ZFS Encryption is still under development (as of March 2019)
One of the big upcoming features that a bunch of people are looking forward to in ZFS is natively encrypted filesystems. This is already in the main development tree of ZFS On Linux, will likely propagate to FreeBSD (since FreeBSD ZFS will be based on ZoL), and will make it to Illumos if the Illumos people want to pull it in. People are looking forward to native encryption so much, in fact, that some of them have started using it in ZFS On Linux already, using either the development tip or one of the 0.8.0 release candidate pre-releases (ZoL is up to 0.8.0-rc3 as of now). People either doing this or planning to do this show up on the ZoL mailing list every so often.
Unfortunately this is not a good idea (despite ZoL being in the 0.8.0 release candidate stage). Instead, you should avoid using ZFS encryption until it's part of an official release, and maybe even past that. Unlike garden variety features and changes in ZoL, where the development tree has historically been almost completely solid and problem free, ZFS encryption is such a significant change that people are still routinely finding bugs and needing to make serious changes, including changes to the on disk data format that require you to back up and restore any encrypted filesystems you may have (yes, really, and see also).
(This particular change is far from the only encryption related problem that has come up. I follow the development tree and read every commit's description, and I've seen quite a lot of commits that fix various encryption related issues. It really seems that people are still frequently finding corner cases that hadn't been considered or previously encountered, despite ZFS On Linux's relatively extensive test suite. ZFS sends and receives seem to be an especial problem area, but my memory is that even ordinary use hasn't been trouble free.)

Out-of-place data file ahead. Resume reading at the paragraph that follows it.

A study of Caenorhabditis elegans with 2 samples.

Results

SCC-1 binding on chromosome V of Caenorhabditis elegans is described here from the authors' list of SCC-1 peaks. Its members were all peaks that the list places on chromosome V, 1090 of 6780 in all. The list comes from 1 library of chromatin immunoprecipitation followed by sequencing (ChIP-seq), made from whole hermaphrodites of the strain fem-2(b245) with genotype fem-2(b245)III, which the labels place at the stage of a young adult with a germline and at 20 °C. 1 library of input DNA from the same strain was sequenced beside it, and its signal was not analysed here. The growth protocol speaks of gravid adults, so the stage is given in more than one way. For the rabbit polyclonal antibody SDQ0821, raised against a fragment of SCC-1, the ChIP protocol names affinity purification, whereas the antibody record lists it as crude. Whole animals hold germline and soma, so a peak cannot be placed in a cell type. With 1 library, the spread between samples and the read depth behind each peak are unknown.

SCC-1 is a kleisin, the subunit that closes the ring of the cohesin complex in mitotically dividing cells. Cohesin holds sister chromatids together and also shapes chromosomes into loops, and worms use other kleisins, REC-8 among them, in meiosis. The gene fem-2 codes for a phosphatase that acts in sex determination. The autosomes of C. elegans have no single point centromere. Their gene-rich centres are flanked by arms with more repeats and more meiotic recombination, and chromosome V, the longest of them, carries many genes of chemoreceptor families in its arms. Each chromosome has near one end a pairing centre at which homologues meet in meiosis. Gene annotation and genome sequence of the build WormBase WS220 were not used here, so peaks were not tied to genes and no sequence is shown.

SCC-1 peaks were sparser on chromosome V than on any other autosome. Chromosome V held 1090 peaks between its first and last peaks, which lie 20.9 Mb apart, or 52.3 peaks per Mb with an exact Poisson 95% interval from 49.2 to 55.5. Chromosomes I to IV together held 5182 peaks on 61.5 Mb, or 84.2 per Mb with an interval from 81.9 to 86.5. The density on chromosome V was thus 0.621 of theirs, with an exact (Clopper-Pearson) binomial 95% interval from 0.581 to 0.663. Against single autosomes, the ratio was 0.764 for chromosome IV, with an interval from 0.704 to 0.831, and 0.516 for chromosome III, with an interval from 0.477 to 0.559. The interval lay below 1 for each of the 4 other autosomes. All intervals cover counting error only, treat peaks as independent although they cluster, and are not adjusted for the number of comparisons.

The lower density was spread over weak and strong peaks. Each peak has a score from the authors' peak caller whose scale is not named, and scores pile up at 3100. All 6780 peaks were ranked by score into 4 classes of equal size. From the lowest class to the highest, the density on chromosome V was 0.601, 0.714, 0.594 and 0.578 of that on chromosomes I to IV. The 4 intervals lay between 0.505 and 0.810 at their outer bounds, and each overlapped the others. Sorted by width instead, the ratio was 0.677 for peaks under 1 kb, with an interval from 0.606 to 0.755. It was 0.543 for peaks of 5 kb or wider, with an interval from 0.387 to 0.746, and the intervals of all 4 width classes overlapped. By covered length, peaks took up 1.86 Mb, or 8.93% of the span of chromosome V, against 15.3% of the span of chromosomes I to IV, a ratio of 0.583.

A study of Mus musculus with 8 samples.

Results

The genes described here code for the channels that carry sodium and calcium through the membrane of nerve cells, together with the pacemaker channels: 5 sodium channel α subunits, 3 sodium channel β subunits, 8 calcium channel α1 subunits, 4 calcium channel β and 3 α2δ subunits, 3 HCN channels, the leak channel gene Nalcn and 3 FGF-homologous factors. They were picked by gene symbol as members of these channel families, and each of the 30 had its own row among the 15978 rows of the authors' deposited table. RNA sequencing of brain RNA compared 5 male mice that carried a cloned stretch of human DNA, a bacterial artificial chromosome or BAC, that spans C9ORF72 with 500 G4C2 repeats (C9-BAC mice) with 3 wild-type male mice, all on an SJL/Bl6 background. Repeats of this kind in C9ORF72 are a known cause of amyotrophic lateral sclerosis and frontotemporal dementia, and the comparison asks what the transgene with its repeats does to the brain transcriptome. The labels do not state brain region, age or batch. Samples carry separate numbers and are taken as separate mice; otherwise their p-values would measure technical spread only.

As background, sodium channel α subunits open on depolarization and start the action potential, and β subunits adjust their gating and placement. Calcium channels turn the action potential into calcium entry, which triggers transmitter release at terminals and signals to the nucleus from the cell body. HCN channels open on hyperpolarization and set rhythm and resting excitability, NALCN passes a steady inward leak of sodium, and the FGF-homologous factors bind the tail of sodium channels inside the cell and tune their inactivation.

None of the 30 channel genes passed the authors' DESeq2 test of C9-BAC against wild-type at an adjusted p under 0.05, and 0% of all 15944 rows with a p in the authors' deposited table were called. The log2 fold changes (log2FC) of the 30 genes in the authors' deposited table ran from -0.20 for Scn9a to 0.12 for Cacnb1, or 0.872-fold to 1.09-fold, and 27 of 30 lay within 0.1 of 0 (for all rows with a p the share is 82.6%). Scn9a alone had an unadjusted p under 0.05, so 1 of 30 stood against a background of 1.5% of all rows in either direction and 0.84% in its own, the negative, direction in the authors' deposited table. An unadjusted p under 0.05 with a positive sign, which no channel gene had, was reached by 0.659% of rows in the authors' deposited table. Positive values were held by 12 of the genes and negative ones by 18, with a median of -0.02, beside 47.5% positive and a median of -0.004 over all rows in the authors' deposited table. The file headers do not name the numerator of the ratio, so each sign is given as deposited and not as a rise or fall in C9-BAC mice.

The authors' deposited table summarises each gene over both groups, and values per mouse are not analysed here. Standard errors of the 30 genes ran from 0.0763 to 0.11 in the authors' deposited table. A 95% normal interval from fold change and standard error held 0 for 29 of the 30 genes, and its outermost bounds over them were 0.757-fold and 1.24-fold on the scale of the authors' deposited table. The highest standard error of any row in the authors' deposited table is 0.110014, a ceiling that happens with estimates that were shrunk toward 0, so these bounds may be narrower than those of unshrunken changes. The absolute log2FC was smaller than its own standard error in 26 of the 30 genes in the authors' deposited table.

If you have a strong need for combining encryption and ZFS today, I think that you're going to need to stick to the old approaches of things like ZFS on top of a LUKS encrypted volume. Otherwise, you should wait. The most that people should be doing with ZFS encryption today is taking it for a test drive to gain experience with it; you should definitely not use it for anything you care about.
I know, this seems odd given that ZFS On Linux is up to 0.8.0-rc3, but it is what it is. I am a little bit surprised that ZoL has been doing a -rcN series with encryption so apparently unstable, but I'm sure they have their reasons. It's even possible that ZFS On Linux 0.8.0 will not include encryption as a production-ready feature; at this point the developers probably won't disable the code outright, but they might fence it off behind warnings.
(It's possible that encryption has turned out to be more tangled and troublesome than anyone initially expected when the feature first landed, and that it's only through the early enthusiastic people jumping on it that all of these problems have been found.)
PS: I expect that FreeBSD people won't have to worry about this unless you're tracking FreeBSD-CURRENT or FreeBSD-STABLE, since I doubt that FreeBSD will enable ZFS encryption in a FreeBSD release until it's established a solid track record for stability in ZoL.